Here is a question from Royce:
Is there any niche demand for stories for young-adult male readers? Most of the agent profiles and marketplace news indicate demand for Distopian, Urban Fantasy, Steampunk, etc., and most of the published books seems to appeal to teen girls.
I don’t want to open a can of worms. So before I begin, let me say that there is The Way I Wish It Was, and The Way It Really Is, and What People Are Willing to Do to Bridge the Gap.
The Way I Wish It Was: Boys reading voraciously into their later teens, publishers publishing robust lists for these readers, teachers, booksellers, librarians, agents, and editors really excited about the market segment.
The Way It Really Is: There is not a robust market for YA contemporary realism, per se, compared to fantasy genres, and the market for a YA boy audience is dreadful because most boys in that age group have either stopped reading altogether in middle school or they’re up in adult fiction that they discovered around age 12 or 13. Books marketed directly to teen boys don’t tend to do well and the YA section of the bookstore is so thoroughly steeped in paranormal romance and purple faces with female faces on them that I’d avoid it, too, if I was a self-respecting dude with money to burn from my first pizza delivery job.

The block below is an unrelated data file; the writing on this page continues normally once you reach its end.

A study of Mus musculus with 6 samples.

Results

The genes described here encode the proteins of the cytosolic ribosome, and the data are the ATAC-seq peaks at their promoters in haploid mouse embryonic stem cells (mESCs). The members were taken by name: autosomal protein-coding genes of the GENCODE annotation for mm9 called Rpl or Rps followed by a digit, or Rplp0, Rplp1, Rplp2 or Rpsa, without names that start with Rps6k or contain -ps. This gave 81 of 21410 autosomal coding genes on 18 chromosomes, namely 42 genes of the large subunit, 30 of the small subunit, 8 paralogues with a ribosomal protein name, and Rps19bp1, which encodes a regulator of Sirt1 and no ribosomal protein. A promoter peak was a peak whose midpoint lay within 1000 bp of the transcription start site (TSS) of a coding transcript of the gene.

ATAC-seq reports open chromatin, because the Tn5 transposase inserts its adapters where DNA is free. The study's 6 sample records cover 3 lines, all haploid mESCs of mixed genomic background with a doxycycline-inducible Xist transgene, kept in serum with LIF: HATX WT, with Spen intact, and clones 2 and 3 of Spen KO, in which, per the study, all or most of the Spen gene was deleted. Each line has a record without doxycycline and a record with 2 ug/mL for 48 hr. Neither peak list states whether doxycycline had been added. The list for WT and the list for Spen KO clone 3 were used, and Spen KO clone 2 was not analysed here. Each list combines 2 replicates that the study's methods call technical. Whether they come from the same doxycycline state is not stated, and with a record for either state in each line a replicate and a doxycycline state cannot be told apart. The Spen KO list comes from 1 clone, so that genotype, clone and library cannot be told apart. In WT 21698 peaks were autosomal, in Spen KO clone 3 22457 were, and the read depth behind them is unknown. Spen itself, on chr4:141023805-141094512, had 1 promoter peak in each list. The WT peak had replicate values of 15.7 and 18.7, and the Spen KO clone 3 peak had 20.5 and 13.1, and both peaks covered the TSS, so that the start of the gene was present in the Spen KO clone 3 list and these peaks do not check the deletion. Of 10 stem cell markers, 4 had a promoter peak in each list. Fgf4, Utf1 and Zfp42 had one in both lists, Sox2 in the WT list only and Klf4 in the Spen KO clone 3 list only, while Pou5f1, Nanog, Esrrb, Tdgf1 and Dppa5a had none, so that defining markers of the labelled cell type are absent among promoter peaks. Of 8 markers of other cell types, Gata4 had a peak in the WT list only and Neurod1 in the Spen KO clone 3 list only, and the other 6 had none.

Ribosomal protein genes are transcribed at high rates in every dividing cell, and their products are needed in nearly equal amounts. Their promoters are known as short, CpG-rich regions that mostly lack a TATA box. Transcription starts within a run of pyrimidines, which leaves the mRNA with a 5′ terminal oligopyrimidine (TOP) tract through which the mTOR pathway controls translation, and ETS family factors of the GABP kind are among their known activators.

While we all want to work hard to change that, that’s the reality right now, as I see it from many discussions I’ve had with friends and colleagues. Unless yours is a boy character who appeals first and foremost to girl readers (John Green’s work), you will have a tougher time, as girls are the overwhelming audience in this age group. One of my upcoming books, THROUGH TO YOU by Emily Hainsworth, features Cam, a boy protagonist who goes across parallel universes in the hopes of getting his girlfriend back. He’s a dude, and he’s the narrator, but the premise is thoroughly romantic and so will attract a lot of girl readers.
If he was on a quest for, say, a cache of lost movies by a legendary horror movie director or a really awesome video game, I don’t think it would’ve sold because its market share with female YA readers would’ve evaporated.
What People Are Willing to Do to Bridge the Gap: Not terribly much in terms of actual action. There’s a lot of talking and blogging on the subject, though. But publishing is a business and, unless the YA boy-book-intended-primarily-for-boy-readers segment of the market starts taking off like, say, fallen angel romances, I don’t know how many editors will be able to put their houses’ money where their mouths are. (Or, if they do publish a good boy YA list, how often they will be able to add to it.)
There are great, great, great books that deserve boy reader attention. FEED by M.T. Anderson. The work of Steve Brezenoff, Barry Lyga, A.S. King, Ilsa J. Bick, Andrew Smith, and more. But either we’ve lost some faith in attracting these readers or the market really isn’t there. For now, all I know is that a boy-targeted YA feels like a really tough sell.